ND officials debate need for list of ‘special places’ to be protected
FARGO — A divided North Dakota Industrial Commission soon will decide whether to designate special places subject to development restrictions to protect them from oil drilling or other development.
The commission has discussed the possibility of a list of special sites for half a year, and Gov. Jack Dalrymple proposed more than 40 candidate sites on a tour in late August.
Spots include Little Missouri State Park, where Dalrymple made his announcement, Killdeer Mountain, roadless areas in the Little Missouri National Grasslands and the units of Theodore Roosevelt National Park.
Attorney General Wayne Stenehjem also is compiling a list and formulating a policy for “extraordinary places” that also will include the Little Missouri River as it winds through the western North Dakota Badlands.
Stenehjem planned to present his proposal to his fellow Industrial Commission members at the group’s Nov. 18 meeting, but he told The Forum of Fargo-Moorhead’s editorial board last week that it’s more likely that he will do so at the meeting slated for Dec. 19.
“There’s a lot of beautiful areas out there,” Stenehjem said, adding that the commission, which approves drilling permits, already imposes restrictions to try to minimize impacts.
However, he said, a formal procedure has been lacking, with decisions made on a case-by-case basis as the commission reviews drilling permits.
“I’m working on a plan I can present,” with requirements spelled out in administrative rules that, if passed under emergency provisions, could take effect early next year, Stenehjem said.
Public hearings and opportunities for public comment are included in the rule-making process, he said. Some conservation advocates have complained that the process of designating special places so far has not been open to public participation.
Restrictions could include requiring wells to be located a long distance from special places – say, two miles – or requiring pipe placement to avoid flaring natural gas, he said.
“Just a whole lot of things can be done,” Stenehjem said.
The attorney general said he has met informally with representatives of the oil industry as well as conservation groups to ensure support for his proposal.
In reviewing permits, the commission must balance the rights of mineral holders against the duty to protect landscapes, and must let the public be heard, Stenehjem said.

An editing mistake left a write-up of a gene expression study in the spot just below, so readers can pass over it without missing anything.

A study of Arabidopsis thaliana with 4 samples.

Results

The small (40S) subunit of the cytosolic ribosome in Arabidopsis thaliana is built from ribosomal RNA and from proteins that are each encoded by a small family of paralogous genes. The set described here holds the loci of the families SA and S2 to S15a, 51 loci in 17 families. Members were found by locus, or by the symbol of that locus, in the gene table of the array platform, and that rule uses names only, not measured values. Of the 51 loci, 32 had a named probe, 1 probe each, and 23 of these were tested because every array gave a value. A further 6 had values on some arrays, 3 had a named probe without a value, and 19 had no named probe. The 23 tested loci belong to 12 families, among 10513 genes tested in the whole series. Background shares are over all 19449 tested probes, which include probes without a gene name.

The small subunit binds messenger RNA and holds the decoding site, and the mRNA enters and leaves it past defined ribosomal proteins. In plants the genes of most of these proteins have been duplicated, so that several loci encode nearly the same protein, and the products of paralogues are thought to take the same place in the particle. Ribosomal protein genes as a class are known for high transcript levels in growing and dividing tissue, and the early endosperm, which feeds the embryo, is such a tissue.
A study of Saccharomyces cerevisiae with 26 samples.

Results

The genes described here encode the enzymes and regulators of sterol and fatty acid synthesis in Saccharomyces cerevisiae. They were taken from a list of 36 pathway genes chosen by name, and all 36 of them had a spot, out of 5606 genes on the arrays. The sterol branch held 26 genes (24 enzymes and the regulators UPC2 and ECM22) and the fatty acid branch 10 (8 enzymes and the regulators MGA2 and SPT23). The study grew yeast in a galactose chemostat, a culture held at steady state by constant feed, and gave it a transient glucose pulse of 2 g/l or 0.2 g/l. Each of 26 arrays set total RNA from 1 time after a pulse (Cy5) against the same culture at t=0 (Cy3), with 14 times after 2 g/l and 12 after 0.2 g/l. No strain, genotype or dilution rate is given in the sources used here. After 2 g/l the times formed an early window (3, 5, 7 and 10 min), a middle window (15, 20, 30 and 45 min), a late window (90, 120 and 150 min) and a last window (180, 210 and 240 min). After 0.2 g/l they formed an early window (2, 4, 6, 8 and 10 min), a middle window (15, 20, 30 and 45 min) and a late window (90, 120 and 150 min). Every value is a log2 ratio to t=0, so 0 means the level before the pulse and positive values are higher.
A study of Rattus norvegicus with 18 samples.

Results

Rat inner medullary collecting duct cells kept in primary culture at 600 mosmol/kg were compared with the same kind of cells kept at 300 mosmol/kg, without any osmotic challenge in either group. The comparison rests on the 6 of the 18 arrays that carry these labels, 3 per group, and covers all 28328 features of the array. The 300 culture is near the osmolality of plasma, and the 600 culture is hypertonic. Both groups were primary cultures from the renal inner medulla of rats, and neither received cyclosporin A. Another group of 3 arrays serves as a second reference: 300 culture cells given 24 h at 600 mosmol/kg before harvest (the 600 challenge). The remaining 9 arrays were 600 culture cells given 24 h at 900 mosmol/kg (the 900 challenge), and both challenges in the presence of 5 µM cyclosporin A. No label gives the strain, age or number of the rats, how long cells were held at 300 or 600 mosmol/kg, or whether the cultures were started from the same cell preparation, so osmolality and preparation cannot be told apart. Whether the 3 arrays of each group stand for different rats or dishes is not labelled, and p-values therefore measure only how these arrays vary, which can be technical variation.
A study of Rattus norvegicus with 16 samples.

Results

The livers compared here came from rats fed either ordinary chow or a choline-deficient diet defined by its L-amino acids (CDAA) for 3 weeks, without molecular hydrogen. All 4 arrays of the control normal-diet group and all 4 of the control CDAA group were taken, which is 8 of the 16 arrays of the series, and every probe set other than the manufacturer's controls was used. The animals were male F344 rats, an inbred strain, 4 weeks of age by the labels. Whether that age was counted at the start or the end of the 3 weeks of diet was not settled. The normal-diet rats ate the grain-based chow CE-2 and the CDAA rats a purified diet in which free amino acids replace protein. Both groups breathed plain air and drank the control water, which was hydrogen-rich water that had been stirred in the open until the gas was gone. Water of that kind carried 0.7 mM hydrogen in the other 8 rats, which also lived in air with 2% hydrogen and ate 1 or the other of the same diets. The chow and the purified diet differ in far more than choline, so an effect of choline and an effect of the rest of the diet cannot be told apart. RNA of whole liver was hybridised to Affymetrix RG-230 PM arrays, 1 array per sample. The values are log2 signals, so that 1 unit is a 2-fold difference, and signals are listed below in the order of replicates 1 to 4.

Devising a list of special places and procedures for developing around the sites would provide the industry greater clarity about how to proceed in certain areas, he said.
“I think industry might be happy if they know what that area is,” he added.
As an example, he said the commission required XTO to drill a well two miles from the Elkhorn Ranch, a unit of Theodore Roosevelt National Park and a ranch home of the great conservation president, instead of nearby, as the company originally proposed.
“I knew we were never going to put a well on the Elkhorn Ranch,” Stenehjem said.
Besides the Elkhorn Ranch and Little Missouri River, Stenehjem mentioned Killdeer Mountain and battlefield sites, Bullion Butte, and the national and state parks.
The lists Dalrymple and Stenehjem are contemplating appear to have a lot of overlaps, but the third member of the industrial commission, Agriculture Commissioner Doug Goehring, said he is not in favor of such lists.
“When you talk about special places, I would consider all of North Dakota special,” Goehring said. “It’s going to be case by case because every site’s unique,” he added, referring to the review of drilling permits.
“I would say we’re doing a good job of doing that, making sure there are stipulations that it’s developed in a responsible manner,” Goehring said, including reclamation requirements for wells and tank clusters.
Goehring has compiled a list of permits that have been issued with stipulations or were rejected, including a running total of the number of acres involved.
Over the past year, 2,741 permits were submitted to the Industrial Commission involving development of about 3.5 million mineral acres.
Of that total, 268 permits involved an “area of concern,” totaling about 343,000 acres.
Thirty-five of those permits, involving 45,000 acres, were rejected. Well placements on another 49 permits encompassing 63,000 acres were modified due to concerns about topography, erosion, watershed or soils.
In a final category, 463 permits affecting 560,000 mineral acres were approved with stipulations, such as shallow aquifer or surface water protection.
“Beauty is in the eye of the beholder,” Goehring said. “A lot of things I think are beautiful, people pooh-pooh,” including farm fields.
Goehring said he is concerned that if certain places are designated as special, restrictions on agricultural land eventually could result.
“Because there’s people there who would like to see us go back to buffalo commons,” Goehring said, referring to a prediction 20 years ago that vast tracts of the Great Plains would revert to sprawling rangeland for wild game, including buffalo.